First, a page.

Five years after opening the first of three Duffy’s cafés in Port Moresby, owner and entrepreneur Travers Chue is preparing to expand overseas, marketing Papua New Guinea specialty coffee and premium health products.
‘When we first started Duffy’s, our goal was to create the first specialty coffee house in PNG, but now we want to manufacture premium health products in PNG and export them to China and across the globe,’ says Duffy’s owner, Travers Chue.
Chue tells Business Advantage PNG he plans to open his first outlet in China’s southern city of Guangzhou by the middle of 2018. At present, he is finalising an exact location.
The project is being funded through the family-owned, PNG-based parent company, Pacific Industries Ltd.
Starting in China
‘We are planning to kick off very modestly in China with one store, which will be approximately 150–200 square metres.
‘Once we get our feet wet and learn the ropes of doing business in China, then—only then—do we plan to spread our wings.
‘The plan is to use our café business, which hopefully will have several outlets, to distribute these products to the Chinese market.
‘We have so much potential for exports with our rich and resourceful land. Businesses in PNG should be focusing on capitalising on this … rather than just relying on the domestic market.’
‘These products will range from coconut water from Rabaul—as we can piggy back off our existing Pacific Industries beverage manufacturing plant situated in Rabaul town—cocoa from Bougainville to make chocolate, bottled water from one of PNG’s many pristine water sources and we are even looking at organic honey from the Highlands.’
Chue is a firm believer in PNG and the export potential of its pristine products.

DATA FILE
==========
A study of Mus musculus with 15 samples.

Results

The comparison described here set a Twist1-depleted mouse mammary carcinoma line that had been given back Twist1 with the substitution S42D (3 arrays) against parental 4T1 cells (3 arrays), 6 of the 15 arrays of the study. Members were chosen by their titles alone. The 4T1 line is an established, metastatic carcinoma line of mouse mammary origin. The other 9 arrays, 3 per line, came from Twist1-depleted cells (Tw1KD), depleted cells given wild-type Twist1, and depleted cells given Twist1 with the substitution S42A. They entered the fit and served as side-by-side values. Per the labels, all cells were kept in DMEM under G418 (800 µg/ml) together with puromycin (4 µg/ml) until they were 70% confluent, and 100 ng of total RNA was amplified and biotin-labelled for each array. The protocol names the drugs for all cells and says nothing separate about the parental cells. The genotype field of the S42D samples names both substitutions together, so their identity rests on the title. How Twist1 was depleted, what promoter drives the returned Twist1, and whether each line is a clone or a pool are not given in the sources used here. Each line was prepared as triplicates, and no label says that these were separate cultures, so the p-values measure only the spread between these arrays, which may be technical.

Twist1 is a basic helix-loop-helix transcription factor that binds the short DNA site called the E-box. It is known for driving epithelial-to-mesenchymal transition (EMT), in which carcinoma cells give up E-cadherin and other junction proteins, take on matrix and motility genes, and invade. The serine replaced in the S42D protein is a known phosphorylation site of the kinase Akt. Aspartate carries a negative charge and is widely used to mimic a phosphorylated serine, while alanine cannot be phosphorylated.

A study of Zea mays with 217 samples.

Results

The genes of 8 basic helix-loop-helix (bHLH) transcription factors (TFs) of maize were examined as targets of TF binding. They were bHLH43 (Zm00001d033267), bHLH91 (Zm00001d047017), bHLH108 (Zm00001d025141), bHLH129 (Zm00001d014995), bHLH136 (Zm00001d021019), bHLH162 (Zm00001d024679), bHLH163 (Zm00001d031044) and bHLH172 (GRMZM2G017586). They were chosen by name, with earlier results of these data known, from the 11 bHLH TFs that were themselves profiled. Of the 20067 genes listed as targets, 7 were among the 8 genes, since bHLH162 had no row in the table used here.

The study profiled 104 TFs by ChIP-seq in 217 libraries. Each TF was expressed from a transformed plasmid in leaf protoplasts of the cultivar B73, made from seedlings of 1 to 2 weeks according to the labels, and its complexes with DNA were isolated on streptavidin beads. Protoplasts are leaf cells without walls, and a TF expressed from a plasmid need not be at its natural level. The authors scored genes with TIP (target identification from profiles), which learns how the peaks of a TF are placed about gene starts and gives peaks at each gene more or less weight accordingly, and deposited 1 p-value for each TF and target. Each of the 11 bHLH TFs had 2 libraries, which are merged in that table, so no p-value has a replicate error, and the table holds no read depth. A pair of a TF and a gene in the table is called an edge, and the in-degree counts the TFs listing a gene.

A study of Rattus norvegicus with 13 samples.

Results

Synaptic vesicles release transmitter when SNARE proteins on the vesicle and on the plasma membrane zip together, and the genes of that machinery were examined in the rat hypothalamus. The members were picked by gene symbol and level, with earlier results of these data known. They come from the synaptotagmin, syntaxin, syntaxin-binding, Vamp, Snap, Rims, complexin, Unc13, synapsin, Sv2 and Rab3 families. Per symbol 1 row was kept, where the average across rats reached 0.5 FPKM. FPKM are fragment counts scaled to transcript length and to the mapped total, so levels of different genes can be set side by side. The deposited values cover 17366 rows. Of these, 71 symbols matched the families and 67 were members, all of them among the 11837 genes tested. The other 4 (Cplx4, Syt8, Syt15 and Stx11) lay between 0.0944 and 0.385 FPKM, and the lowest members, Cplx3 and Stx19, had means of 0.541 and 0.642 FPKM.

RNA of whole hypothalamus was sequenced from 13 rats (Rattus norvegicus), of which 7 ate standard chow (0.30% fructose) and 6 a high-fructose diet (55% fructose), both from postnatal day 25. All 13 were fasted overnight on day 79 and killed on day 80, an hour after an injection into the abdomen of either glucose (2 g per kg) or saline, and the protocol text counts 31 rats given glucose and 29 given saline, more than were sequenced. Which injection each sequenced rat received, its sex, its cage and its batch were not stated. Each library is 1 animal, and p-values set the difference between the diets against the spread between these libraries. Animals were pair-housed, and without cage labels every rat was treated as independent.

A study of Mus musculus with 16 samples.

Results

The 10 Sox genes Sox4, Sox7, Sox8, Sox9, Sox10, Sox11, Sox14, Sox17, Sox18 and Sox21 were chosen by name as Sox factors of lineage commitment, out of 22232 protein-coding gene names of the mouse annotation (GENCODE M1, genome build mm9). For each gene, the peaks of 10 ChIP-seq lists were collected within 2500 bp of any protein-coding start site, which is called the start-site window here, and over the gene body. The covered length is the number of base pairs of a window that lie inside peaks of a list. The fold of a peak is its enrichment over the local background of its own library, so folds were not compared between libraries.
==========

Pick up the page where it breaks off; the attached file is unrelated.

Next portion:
‘We have so much potential for exports with our rich and resourceful land. Businesses in PNG should be focusing on capitalising on this and trying to expand their operations outside of the country rather than just relying on the domestic market.’
Chue’s approach to expanding to China is based around being a coffee shop and coffee brand that originates ‘from this exotic and mysterious land called PNG’.
The secret, he says, is producing consistently high quality beans.
He praises the Coffee Industry Corporation for its annual PNG Cupping Competition.
‘We are trying to teach the farmers that, if their coffee is getting higher cupping scores due to implementing and following strict procedures and practice, then we—the roasters—are willing to pay higher prices for their hard work.
‘Growers need to see that there is more profit to be made in producing higher grade coffee, from which they can earn more bang for buck per kilo of cherry.’
He says it is the only way coffee farmers can overcome poor infrastructure, erratic weather conditions, deteriorating tools and minimal training.
‘Most people who know PNG most probably know the country for its great coffee—and we intend serving them the best premium grade specialty coffee that PNG has to offer. This is going to be key to success in China.
‘It makes me very proud to look back at my family’s history and to know that something my grandfather started before WWII on Rabaul now has the potential to go international.’